Introduction: In this article, Jane Hampton Cook describes the origins of Memorial Day as a way to honor deceased veterans of the Civil War. Jane is a presidential historian and author of ten books, including Stories of Faith and Courage from the Revolutionary War. Her works can be found at Janecook.com. She is also the host of Red, White, Blue and You.
Researching Civil War ancestors can lead to discoveries about how Americans coped with the loss of their loved ones in war. Days of memorial originated after the Civil War when Americans in both Northern and Southern states honored their war dead in ceremonies and special days set aside for remembrance. “Decoration Day” became the day to place flowers and flags on veterans’ graves.
Although these memorial activities were taking place on different days in different states, 30 years after the Civil War veterans in both the North and the South began to fear that those who had died during the Civil War would be forgotten and these memorial days would cease to exist.
In 1897, a Southern newspaper in Mississippi carried an editorial about this concern. The author feared that the cost of freedom would be forgotten and that days of memorial were being replaced with the pleasantries of picnics and other fun social gatherings. His solution was to observe an annual day of remembrance on a Sunday to ensure that church services would remember the war dead.
This editorial stated:
“Shall Memorial day be relegated into obscurity, becoming itself only a memory?” is a matter that has been under consideration in various states for some time past, the ground being taken that the day set apart for honoring the memory of dead heroes is made more of a time for jollification than for paying tribute to those who fell in defense of freedom. It is suggested that a Memorial day be observed on the last Sunday in May, when services can be held in the various churches and the tributes from the living to the dead placed on green mounds in the different cemeteries.”
In the same decade, a similar sentiment was echoed in a Northern newspaper in Minnesota. By this time, the Grand Army of the Republic (GAR) had formed as a fraternal organization made up of veterans from the Union Army, the United States Navy and Marines, and the Revenue Cutter Service from the Civil War. They began meeting at encampments annually. By the 1890s, more than 9,000 were attending the annual state encampment in Minnesota. This article reported on the annual Minnesota encampment that served as a reunion for the Civil War veterans.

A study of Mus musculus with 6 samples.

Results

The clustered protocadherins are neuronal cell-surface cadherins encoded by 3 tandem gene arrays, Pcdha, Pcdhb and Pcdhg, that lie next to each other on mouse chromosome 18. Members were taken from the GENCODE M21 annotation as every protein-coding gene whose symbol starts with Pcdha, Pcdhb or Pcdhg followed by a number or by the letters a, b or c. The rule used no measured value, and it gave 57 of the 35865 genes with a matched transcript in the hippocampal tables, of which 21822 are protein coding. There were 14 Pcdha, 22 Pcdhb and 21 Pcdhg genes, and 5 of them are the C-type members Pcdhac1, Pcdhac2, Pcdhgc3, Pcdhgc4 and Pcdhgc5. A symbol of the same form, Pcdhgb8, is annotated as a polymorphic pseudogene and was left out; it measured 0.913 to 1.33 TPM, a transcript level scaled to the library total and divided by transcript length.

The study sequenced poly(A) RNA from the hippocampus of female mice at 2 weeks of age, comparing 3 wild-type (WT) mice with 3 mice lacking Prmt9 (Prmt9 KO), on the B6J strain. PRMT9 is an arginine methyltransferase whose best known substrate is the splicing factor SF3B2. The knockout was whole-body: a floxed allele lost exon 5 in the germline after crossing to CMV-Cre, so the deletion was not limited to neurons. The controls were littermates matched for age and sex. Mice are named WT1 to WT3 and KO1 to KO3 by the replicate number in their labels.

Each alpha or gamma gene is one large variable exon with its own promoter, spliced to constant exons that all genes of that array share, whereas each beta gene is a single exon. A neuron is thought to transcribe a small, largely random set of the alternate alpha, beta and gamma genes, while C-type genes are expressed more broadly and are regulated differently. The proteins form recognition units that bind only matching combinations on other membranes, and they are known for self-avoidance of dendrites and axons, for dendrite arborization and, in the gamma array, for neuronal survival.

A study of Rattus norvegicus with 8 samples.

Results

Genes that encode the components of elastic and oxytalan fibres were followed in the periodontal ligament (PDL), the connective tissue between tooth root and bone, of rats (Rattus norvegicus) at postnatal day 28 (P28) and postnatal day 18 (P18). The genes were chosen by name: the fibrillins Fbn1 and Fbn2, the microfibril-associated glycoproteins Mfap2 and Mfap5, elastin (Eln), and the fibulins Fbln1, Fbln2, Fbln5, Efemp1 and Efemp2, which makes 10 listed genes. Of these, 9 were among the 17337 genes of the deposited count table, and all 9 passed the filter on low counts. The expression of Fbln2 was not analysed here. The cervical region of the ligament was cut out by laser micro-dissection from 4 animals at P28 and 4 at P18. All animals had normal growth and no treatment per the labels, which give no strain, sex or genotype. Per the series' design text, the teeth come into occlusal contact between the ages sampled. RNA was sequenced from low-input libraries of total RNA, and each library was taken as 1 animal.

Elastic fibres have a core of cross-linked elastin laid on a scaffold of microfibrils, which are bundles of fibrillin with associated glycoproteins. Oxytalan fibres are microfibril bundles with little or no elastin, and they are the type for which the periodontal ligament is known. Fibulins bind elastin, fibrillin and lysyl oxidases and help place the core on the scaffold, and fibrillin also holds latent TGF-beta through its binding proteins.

The author of this article noted:
“Facts are stubborn things, and try as we may to convince others and ourselves that we are not growing old, the halting step and the gray heads are constant reminders that we are no longer the boys of ’61. With these reminders constantly before us the question as to who will carry forward the work of our cherished organization when the last old comrade shall have ‘passed on,’ naturally presents itself.”
In this article, one of the GAR chaplains, the Rev. Henry S. Bilbie, praised the “almost unanimous attention paid to Memorial Day and Memorial Sabbath.”
Nearly all of the 159 GAR posts throughout Minnesota had organized Memorial Day events and its members attended Sunday services for Memorial Day.
Fearing that the next generation would forget those who had died in the Civil War, these veterans wanted to pass along their patriotic fervor to school children.
The GAR encampment encouraged its members to contact their local schools to set aside a day for patriotic songs and celebrations as well as activities to memorialize those who had died in service to their country. The goal was “to awaken and foster the spirit of patriotism in the youth of the state.”
They also wanted “decoration and Memorial Days” to be observed by children in public schools as much as possible.
Rev. Henry S. Bilbie said:
“More potent than the Memorial Day exercises themselves, may these exercises of the schools be made and if properly conducted, may prove not only a very interesting feature of the anniversary, but of incalculable good to the future of the Republic so dear to every old soldier.”
Indeed, these children would grow up to become the World War I generation.
Thanks to the commitment of Civil War veterans in both the North and the South, Memorial Day survived and became a unified national holiday to mourn all U.S. military personnel who died while serving their country. In 1971, Congress standardized Memorial Day to be observed on the last Monday of May.
Note on the header image: “Orphans decorating their fathers’ graves in Glenwood Cemetery, Philadelphia, on Decoration Day,” 1876. Credit: Library of Congress, Prints and Photographs Division.